Conservative pundit offers support for Atlas

2020 06 22 23 26 5950 Coronavirus Global Spread 400

In a new column published October 1 in National Review, conservative commentator Victor Davis Hanson offers support for White House adviser Dr. Scott Atlas, who has come under fire for his views on how to manage the novel coronavirus pandemic.

Atlas is a neuroradiologist who in August was appointed to advise President Donald Trump on the U.S. government's response to COVID-19. Atlas has been connected to theories on developing a "herd immunity" response to COVID-19, and his appointment was widely seen as an attempt to develop a more conservative counterweight to administration officials like Dr. Anthony Fauci and Dr. Deborah Birx.

But Atlas' appointment has drawn fire from a number of researchers in the fields of epidemiology and infectious disease. For example, a number of researchers from Stanford University -- where Atlas was a neuroradiologist for 14 years -- signed on to a September 9 letter that accused Atlas of promulgating "falsehoods and misrepresentations of science" in his statements on the pandemic.

In his National Review article, Hanson -- who like Atlas is affiliated with the Hoover Institution -- described Atlas as "one of the world's top neuroradiologists" and said that Atlas has become an expert on public health policy, in particular on the cost-benefit analysis of government programs.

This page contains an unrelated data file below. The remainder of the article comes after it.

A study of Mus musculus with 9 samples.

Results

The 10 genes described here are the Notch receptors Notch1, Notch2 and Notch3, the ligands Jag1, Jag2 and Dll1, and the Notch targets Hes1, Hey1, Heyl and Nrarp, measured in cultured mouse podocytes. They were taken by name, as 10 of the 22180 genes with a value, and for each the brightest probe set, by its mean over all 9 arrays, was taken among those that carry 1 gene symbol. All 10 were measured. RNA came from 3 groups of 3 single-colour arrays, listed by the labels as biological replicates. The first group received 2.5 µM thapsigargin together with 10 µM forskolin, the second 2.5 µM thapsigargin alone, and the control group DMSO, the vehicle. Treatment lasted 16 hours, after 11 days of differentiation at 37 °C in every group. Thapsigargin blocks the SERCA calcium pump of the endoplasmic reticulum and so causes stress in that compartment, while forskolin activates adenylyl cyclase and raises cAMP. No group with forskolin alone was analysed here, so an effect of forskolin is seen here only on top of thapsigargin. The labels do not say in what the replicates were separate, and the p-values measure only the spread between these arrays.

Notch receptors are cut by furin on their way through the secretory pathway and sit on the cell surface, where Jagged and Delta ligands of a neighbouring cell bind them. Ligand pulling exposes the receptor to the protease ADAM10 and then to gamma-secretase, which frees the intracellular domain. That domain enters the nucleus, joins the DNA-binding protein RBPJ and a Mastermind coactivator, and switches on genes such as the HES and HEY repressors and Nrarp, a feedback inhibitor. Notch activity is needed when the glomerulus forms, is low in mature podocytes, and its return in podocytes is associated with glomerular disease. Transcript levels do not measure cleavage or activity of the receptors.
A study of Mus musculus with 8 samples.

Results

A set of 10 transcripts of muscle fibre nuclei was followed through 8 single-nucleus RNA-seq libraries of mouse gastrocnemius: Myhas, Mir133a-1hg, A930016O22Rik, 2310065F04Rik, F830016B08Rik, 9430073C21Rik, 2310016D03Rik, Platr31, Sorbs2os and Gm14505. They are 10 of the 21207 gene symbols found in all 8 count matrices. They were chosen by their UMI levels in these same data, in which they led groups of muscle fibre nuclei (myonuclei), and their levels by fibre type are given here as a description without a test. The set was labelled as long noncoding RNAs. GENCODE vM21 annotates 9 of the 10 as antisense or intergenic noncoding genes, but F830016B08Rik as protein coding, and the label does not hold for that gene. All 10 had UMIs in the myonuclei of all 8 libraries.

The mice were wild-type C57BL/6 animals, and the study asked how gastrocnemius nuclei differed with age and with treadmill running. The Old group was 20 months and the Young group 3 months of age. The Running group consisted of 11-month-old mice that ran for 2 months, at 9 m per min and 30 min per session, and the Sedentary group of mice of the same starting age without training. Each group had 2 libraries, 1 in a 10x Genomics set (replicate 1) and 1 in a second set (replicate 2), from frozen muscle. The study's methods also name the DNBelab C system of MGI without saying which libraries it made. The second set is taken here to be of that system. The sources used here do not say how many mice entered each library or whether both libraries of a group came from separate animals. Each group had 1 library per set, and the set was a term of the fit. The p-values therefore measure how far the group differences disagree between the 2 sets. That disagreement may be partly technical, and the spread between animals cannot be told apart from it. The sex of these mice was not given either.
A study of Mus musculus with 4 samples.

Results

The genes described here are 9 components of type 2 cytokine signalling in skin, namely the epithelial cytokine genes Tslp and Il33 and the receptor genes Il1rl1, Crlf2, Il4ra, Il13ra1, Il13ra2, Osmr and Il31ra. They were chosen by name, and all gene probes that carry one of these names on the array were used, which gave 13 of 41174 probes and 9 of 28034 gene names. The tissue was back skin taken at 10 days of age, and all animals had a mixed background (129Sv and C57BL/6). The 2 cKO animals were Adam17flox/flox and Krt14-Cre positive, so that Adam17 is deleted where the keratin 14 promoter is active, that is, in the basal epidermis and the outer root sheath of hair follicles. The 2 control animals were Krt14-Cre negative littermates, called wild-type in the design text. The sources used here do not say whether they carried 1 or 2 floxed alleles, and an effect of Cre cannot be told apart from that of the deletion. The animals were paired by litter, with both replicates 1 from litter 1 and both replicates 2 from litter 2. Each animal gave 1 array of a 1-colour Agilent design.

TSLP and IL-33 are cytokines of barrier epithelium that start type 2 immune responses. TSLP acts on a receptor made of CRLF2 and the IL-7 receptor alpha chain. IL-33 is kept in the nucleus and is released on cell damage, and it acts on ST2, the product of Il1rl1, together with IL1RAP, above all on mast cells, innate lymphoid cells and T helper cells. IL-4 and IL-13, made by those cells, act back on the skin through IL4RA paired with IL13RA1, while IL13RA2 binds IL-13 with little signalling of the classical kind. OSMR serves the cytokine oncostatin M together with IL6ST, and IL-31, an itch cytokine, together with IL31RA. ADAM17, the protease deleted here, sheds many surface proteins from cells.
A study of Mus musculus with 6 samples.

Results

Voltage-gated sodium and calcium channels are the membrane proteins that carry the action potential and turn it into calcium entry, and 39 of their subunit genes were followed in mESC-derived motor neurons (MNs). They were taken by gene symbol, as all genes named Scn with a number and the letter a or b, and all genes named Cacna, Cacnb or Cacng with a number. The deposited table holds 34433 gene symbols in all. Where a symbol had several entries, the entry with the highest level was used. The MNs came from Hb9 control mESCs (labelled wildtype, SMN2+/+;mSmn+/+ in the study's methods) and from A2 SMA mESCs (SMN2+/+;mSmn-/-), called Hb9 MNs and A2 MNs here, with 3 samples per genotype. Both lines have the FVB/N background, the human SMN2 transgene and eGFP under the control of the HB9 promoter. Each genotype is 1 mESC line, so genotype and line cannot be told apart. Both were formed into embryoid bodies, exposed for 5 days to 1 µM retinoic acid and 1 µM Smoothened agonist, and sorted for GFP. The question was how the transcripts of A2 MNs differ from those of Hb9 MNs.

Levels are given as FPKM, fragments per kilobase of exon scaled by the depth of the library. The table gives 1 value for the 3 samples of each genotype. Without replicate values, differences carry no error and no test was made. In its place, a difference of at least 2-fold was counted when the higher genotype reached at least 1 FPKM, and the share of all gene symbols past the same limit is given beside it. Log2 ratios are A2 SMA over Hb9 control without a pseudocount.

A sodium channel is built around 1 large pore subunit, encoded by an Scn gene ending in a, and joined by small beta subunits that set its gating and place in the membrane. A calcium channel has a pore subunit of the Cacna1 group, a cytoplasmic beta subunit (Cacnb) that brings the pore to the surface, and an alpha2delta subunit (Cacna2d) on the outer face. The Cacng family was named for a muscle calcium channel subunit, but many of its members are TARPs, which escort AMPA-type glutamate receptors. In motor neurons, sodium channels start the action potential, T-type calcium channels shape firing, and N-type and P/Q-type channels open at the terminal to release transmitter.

Hanson noted that Atlas has advised that states focus their resources on protecting people who are most at risk of death from COVID-19, while allowing younger people to reenter the workforce and schools "with appropriate caution." In particular, Atlas has advised against the imposition of "draconian lockdowns" that can prevent people from getting necessary medical exams and procedures.

Hanson believes that complaints about Atlas have lacked scientific evidence, and he also took aim at critics who contend that Atlas "can't be a public-health expert because he was originally a neuroradiologist."

He concludes by noting that Stanford has won renown for fostering a diversity of opinion on the COVID-19 pandemic that he believes has punctured some misconceptions about the virus.

"How ironic that some critics fault Atlas for not following science, but they do so in a fashion that is completely ... well, unscientific," Hanson wrote.